I visited on 11-1-18 early in the day which was quite crisp and clear. I was an hour early but was admitted to the site by a very kind park staff member. I hiked the easy trail to the monument and overlook and observed the tree lined creek and massacre sites. There are two mounted observation devices to use for a closer view. The visitors Center is small but has plenty if information with a great selection of books concerning the massacre. The Ranger and staff were very helpful and kind. Not hard to find but be aware that the last eight miles to get there are on dirt and gravel roads.
We were greeted by a friendly ranger as we got out of our car who gave us an introduction to the site. He took the time to respond to all of our questions and made sure that we were aware of the rattlesnakes and insects off the path at the site. There is not a lot of signage at the site to explain what happened. A large portion of the area is sacred to First Peoples so you can't roam around too much. Paths are well maintained. The road to the site is NOT paved but appears to graded frequently. Bug spray is a must, as biting flies are numerous.
I knew a little of the massacre from being in Boulder, where we re-named one of our dorms to Cheyenne-Arapapho . But the brutality of the attacks were not known, and the betrayal of the trust of the natives by "US" forces is unforgivable. What I did NOT learn was whatever happened to any of the perps--were they sentenced to be hung, or what? I know one of the whistleblowers was gunned down in the street. I need to look this up online. But to the point: the ranger came out of the trailer and gave me a little talk and opened the door for me to ask more questions. I made the short walk (1/2 mile each way) up to the viewing site--you can't actually get to the massacre site as its active native religious ground. But I swear I could hear people living there. The one thing I did NOT care for was the almost cartoonish depiction of a native in the commemorative stonework (pic attached). I enjoyed being here, getting here was not that convenient, but for me, worth it to think and ask for peace for the people who were murdered so savagely.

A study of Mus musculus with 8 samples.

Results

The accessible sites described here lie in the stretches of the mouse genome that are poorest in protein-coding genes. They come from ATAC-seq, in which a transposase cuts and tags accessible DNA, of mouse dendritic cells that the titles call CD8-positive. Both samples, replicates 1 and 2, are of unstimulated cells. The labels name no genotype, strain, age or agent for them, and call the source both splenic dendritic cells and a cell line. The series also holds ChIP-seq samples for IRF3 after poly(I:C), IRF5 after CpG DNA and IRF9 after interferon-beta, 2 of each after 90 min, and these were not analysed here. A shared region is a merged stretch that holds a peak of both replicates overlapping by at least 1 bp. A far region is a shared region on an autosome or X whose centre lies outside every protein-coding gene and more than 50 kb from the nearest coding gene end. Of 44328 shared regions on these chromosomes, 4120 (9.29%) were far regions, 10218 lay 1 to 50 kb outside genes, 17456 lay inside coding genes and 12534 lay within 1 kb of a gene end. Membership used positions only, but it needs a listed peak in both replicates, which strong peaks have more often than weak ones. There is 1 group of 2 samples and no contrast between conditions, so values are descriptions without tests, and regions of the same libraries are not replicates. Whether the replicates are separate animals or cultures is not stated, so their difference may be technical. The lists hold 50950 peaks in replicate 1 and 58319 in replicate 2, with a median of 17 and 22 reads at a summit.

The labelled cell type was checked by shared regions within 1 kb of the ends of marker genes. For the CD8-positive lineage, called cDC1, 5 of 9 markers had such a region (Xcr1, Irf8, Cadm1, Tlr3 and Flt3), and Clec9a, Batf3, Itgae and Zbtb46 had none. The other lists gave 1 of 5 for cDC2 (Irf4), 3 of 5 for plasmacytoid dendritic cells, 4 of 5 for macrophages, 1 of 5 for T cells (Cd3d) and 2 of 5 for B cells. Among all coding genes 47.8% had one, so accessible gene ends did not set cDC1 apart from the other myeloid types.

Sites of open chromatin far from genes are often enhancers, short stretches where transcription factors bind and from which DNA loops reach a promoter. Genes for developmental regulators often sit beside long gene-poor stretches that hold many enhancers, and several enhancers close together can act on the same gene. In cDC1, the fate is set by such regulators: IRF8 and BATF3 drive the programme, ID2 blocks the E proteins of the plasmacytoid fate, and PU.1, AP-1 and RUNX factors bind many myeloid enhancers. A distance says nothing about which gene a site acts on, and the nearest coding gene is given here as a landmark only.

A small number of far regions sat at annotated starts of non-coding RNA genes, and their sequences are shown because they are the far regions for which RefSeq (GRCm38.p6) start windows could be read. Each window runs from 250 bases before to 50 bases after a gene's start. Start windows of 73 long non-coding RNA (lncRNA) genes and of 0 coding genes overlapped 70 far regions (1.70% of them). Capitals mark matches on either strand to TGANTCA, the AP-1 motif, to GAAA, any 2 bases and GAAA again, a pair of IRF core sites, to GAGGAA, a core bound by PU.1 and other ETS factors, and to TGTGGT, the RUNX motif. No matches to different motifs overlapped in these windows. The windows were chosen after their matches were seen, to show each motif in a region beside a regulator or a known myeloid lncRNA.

During our drive to Great Sand Dunes we planned to stop for picnic, we arrived late and missed it, gate was closed. We did stop and look around for a few minutes. We also attempted to stop in town which has an off-site office (we were late too). It will remain on our list for next time...
This site is way off of the beaten path, but worth the drive. It reminds us of how our government hides what it doesn't want us to see. Before the two letters were found this story was not part of our history. The site is remote and getting there is by dirt road, it is worth the trip if you want to know about how some of our military leaders at the time regarded all Native Americans and what happens to those in the military who opposed the outright killing of women and children The letters are graphic in detail and are written by two military officers who along with their company's refused to take part because they knew the tribes and knew they were peaceful.